The faith to believe in God came from Him, and we can’t boast in it. It was born in an instant. Our eyes and ears were opened, and our hearts beat as though for the first time. Our lungs were filled with air of thanksgiving. We wanted to be counted among God’s people, and live lives that please Him.
Accepting His purpose for our lives is an automatic out flowing of living a life that pleases Him. God’s word is clear. He cares for orphans, and expects us to do the same (James 1:27).
There is plenty of uncertainty in the lives of foster parents and plenty of potential for real pain. The question is this: Can we trust God in the midst of these uncertainties? We know that God wants us to care for those less fortunate. But what if, in the process of caring for a child in foster care we fall in love with that foster child and then have to let him go?
Letting go of a child you’ve cared for over an extended period will be painful, and it is good to be honest about it. But we must not let fear paralyze us. We have to remember that God does not give us a spirit of fear (2 Tim. 1:7). What He asks is that we trust Him and have faith in His sovereignty.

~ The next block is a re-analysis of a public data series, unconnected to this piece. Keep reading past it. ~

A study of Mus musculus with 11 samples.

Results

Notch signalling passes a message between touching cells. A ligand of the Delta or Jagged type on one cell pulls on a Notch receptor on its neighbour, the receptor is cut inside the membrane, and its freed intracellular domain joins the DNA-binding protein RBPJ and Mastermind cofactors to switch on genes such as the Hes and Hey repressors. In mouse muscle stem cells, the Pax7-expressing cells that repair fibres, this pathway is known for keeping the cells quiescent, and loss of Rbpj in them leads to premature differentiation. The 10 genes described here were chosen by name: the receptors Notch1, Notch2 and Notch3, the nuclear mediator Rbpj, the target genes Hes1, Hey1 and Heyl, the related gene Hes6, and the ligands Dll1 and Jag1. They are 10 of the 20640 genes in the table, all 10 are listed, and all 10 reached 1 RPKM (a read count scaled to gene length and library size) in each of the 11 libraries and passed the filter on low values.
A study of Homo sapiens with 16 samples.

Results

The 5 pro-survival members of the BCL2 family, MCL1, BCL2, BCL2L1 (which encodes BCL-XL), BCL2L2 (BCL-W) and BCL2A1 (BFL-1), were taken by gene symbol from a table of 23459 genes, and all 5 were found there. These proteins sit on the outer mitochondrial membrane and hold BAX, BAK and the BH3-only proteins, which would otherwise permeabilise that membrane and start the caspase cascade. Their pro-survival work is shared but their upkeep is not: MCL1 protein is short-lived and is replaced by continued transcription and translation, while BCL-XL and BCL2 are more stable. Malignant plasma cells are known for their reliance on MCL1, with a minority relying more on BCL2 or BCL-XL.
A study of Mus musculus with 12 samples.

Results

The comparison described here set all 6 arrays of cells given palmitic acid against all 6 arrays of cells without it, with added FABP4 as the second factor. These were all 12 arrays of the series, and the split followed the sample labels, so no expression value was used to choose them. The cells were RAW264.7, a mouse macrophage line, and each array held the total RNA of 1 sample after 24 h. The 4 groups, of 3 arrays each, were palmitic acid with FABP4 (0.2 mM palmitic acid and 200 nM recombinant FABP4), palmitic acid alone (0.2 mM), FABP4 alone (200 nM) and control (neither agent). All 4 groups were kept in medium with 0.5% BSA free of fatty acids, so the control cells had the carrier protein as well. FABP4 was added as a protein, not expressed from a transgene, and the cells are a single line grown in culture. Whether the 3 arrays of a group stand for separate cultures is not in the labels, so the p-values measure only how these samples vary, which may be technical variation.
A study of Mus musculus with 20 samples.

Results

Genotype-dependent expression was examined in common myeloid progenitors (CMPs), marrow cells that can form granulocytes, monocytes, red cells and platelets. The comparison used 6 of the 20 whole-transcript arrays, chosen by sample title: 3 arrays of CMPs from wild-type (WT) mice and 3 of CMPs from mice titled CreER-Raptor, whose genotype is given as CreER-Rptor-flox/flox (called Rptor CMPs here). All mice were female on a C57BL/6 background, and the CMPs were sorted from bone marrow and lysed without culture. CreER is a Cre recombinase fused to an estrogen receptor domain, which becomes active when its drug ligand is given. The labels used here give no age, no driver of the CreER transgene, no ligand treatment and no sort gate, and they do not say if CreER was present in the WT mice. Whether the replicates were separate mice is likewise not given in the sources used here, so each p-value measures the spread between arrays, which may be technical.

God desires restoration and reconciliation. He reconciled us to Himself through the work of His Son. He adopted us into His family in spite of our sin. Yet when we think about the possibility of biological parents being reconciled with their child, we often shudder at the thought. If we truly believe in the biblical principles of restoration and reconciliation, we must commit ourselves to supporting parent-child reunification.
Only God holds the future. He doesn’t promise permanency for every child placed in our home. He simply asks us to help those in need – despite the risk of pain. Every day the child is in your home is another day to love and serve God by loving and serving the child. We have to continually ask ourselves: Where do I place my trust? Do I trust the system or am I placing my trust in the Father to the fatherless, who loves the child much more than I ever can, and who knows and wants what is best for him?
To become a foster parent is to open ourselves up to the very real possibility of pain and loss. The bottom line is this: If you answer God’s call to care for a child, you CAN trust Him no matter the outcome. Finally: Children in the foster care system need to be placed somewhere, whether for the short term or permanently. Every child deserves to be loved and nurtured and valued, not simply treated as a boarder. Children need provision and protection, of course, but they need so much more. Food and shelter and protect, but love heals and transforms. So we have to ask ourselves: If not us, then who?